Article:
Every Person Used by God had this one Trait in Common
In today’s post I just want to say one thing about the apostles and Barnabas and Paul and all the earliest Christians we’ve been reading about and learning about in the Gospels and in Acts. So here it is, here’s the one thing:
They were available.
Have you ever noticed that? Have you ever thought about that?
The new believers in Antioch need to be taught, and Barnabas and Paul are available to go teach the new believers in Antioch. The centurion Cornelius and his household are led to inquire about Jesus, and Peter is available to go share with them and he stays there a few days. Philip was available to wait in the desert for the Ethiopian eunuch. Over and over again we see Jesus make himself available to whoever interrupts him. It’s a common trait we see in everyone used by God.
Every single one He chose to use was available.
The Consequences of Unavailability
One time in my life I had this vision to build a big beautiful house in a beautiful location with a big beautiful view. I had the ability to imagine this place before it was built and it became a personal dream of mine. I designed the house because I had the ability to design a big beautiful house. I received financing because I had the ability (in the form of a decent credit score) to obtain financing for this big project. And I had the finances to receive the bank loan because I had the ability to hold a job that paid well. I had the ability to manage and coordinate a group of contractors to make the vision a reality. It took me a few years but the result of all these combined abilities was a big beautiful house overlooking the valley.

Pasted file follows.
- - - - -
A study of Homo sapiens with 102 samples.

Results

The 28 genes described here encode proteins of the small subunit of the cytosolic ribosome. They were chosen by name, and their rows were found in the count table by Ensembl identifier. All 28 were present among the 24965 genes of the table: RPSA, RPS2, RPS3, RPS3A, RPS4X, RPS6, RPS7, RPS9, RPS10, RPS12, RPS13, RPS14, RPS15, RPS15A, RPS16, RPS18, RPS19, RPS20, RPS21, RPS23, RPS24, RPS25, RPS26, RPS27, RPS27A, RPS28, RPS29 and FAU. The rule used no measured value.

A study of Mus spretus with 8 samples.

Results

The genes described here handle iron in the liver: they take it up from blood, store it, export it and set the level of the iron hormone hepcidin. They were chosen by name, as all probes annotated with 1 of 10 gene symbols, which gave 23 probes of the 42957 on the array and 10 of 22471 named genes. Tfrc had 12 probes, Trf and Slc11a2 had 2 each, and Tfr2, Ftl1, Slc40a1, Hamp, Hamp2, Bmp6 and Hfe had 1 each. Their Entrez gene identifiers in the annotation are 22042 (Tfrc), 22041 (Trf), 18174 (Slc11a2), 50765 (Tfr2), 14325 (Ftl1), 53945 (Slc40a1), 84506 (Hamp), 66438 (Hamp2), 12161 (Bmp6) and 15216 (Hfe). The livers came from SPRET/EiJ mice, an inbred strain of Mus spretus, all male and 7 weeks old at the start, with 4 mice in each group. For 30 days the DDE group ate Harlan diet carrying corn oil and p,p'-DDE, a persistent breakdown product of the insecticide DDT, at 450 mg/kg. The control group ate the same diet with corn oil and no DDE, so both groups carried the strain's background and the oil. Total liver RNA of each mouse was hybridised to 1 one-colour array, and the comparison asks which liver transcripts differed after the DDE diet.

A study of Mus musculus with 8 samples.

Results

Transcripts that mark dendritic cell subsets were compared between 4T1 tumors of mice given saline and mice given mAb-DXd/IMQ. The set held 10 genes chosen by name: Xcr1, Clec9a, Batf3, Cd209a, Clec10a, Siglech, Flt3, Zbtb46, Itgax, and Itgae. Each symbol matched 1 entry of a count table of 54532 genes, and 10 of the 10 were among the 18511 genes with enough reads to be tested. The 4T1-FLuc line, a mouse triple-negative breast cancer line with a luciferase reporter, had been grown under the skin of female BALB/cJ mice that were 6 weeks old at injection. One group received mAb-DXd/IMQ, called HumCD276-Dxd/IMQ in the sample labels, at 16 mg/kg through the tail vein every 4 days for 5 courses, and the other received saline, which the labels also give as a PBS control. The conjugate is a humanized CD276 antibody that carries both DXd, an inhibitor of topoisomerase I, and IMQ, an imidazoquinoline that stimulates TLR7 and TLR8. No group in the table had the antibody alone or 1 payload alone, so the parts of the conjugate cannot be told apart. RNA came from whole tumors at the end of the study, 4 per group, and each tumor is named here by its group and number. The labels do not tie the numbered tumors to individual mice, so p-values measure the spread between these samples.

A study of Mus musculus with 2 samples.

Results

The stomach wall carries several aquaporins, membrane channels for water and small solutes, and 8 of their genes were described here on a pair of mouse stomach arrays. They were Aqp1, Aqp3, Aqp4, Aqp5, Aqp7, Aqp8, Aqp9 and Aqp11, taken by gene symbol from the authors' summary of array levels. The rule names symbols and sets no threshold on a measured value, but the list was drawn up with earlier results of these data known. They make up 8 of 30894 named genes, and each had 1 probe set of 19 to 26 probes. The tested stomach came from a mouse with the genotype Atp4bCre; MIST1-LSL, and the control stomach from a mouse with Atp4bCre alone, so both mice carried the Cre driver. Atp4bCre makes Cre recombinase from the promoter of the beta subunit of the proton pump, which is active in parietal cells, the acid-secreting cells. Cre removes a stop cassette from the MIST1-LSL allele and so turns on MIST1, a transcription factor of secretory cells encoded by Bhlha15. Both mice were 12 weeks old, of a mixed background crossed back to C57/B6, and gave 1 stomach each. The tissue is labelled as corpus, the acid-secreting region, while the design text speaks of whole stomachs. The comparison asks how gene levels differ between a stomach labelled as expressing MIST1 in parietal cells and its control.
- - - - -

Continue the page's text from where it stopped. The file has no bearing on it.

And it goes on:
But there was one ability I sacrificed in order to use all those other abilities. Someone close to me needed me during those few years but I didn’t have time for him.
If I was following Christ the way those early Christians were, I would have made myself available to that person.
But I was too busy making my vision into a reality.
I’m still living with the consequences today. Without question, this was one of the biggest moral failures of my entire lifetime. If I had a time machine I would go back and trade that dream for the time that man needed from me during those years. But I don’t have a time machine. I’m guessing you don’t either.
You Can Learn From Mistakes (but they don’t have to be your own mistakes)
So here today as you read this blog post you can learn from experience. When you learn from experience you don’t have to learn by making your own mistakes. You can learn from someone else’s mistakes, someone else’s experience. So I want to encourage you to learn from mine.
Make yourself available to do what God wants you to do. Even when it means being interrupted.
Even if it means sacrificing a dream.